Laravel: Scoping queries in the URL

The session won’t help you make things easier

Photo by Jaimie Harmsen on Unsplash

One of the projects I worked on had small but important problematic: users should be able to manage multiple subscriptions through my on-premises Subscriptions library.

This app was built around a simple idea: an User should be able to have multiple Subscriptions, be able to change the one to manage, and scope all queries to the related Subscription.

My library already solves the problem of “multiple subscriptions”, but no the scoping. Like everything in the world of software, you have multiple ways to solve a problem. I just started with the bad one.

Who need sessions anyway?

The first idea was to let the user pick which Subscription, and save that value into the session. Then I would take out the Subscription ID from the session itself, and scope each query dynamically.

It was a total mess because I had to do it everywhere I needed to scope something by the Subscription. In other words, I had to edit all queries.

Take for example this simple “show all products for the subscription” controller.

Going around with the same idea, I thought it would be convenient to create a Global Scope for each request, but since the scopes are static, doing so would break the application when using Laravel Octane.

Trying to tie anything from an ephemeral state (the HTTP Request) into/from a global state (session/cache/database/storage), or even outside controllers, it’s a very bad idea. I had to scrap that approach, and then I figured out that the simpler the solution, the better.

Named parameters is all you need

I needed to know which Subscription was active across all requests. Session was the first thing I thought to solve the problem, but as you saw, it wasn’t the best solution.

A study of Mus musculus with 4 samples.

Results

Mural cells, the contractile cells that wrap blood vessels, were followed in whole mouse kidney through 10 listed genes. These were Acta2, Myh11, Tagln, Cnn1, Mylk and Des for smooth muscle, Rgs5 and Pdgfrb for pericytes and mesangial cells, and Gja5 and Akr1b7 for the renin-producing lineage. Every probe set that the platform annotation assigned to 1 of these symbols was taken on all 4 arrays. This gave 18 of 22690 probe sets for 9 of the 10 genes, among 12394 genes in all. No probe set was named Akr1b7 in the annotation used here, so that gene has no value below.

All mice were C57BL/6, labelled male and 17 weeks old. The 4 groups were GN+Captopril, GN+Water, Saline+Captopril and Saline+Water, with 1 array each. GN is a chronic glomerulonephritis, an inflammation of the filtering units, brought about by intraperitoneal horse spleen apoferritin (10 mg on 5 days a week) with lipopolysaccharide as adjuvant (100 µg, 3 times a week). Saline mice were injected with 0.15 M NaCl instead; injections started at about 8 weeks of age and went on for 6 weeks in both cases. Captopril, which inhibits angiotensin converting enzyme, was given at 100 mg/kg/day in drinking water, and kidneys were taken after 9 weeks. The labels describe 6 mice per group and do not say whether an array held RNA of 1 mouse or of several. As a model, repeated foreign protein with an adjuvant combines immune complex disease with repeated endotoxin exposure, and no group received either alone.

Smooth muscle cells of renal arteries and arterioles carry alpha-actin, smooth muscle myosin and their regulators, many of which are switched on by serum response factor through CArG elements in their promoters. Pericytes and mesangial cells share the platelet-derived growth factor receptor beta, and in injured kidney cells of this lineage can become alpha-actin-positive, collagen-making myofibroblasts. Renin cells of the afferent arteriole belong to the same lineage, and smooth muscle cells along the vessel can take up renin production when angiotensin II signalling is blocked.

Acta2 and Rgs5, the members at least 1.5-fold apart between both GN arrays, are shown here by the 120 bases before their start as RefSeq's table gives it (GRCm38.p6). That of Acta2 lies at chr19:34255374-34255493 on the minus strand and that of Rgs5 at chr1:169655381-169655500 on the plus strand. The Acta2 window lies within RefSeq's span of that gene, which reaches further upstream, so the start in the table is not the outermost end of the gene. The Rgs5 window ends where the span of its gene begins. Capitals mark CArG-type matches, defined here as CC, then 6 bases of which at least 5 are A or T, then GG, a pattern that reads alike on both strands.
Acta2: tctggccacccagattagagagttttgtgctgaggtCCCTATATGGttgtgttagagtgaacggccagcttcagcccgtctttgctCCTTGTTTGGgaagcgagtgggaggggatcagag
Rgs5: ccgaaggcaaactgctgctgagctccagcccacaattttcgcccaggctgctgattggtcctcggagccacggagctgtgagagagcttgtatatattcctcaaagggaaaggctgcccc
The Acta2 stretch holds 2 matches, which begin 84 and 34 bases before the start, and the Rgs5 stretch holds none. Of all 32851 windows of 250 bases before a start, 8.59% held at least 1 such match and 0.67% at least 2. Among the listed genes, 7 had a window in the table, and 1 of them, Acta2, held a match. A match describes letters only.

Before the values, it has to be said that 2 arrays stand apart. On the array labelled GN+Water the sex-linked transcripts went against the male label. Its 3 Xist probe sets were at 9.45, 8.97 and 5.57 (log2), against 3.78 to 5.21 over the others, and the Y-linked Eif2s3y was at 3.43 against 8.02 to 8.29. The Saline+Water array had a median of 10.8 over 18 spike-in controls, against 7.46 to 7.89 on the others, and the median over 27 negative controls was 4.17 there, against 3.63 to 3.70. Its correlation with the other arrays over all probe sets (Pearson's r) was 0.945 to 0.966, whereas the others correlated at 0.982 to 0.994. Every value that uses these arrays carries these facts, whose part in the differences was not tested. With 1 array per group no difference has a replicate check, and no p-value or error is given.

Then, I decided on using the Subscription as a named parameter at the root of the Route declaration. This would make the Subscription somewhat transparent to the user.

After the user picked up the subscription to work on in at login time, he would be redirected to the subscription respective URL subscription/{subscription}/ .

All the controllers would receive the instance of the Subscription Model we bound to the route, and authorize it.

One neat thing about this approach was its simplicity, since instead of dealing with the session, I only had to check the user wasn’t checking a Subscription that wasn’t subscribed to.

Soon enough I figured out that Authorizing each controller to check what the user could see (or manage) would became tedious.

For that cumbersome logic, I remembered the authorization middleware, which will magically execute the Authorization for the named parameter we give. As you can guess, this is done before hitting the controller at all.

That way we can skip authorizing something on multiple controllers, leaning their code. We can also use this middleware inside a group, so we can save declaring it in every route declaration.

The only “let down” from using the middleware are the controllers. If the signature of the Controller doesn’t type-hints the Subscription as parameter, the binding won’t resolve, and the gate will receive a string instead.

To solve that, we can change the signature of the Gate to find the model if the parameter is just a string.

In any case, the last thing looks like a stretch if you consider you shouldn’t need to authorize something you won’t use, but just beware of the caveats.

Now you know why most web apps decide to make heavy use of the URL: is straight forward, globally available for the app, and is just easier to manage than anything else.

While you’re it, you may check my on-premises Subscription package if you need to deal with Plans, Subscriptions and what not, and you don’t have a month to implement it.




Italo Baeza Cabrera


Graphic Designer graduate. Full Stack Web Developer. Retired Tech & Gaming Editor.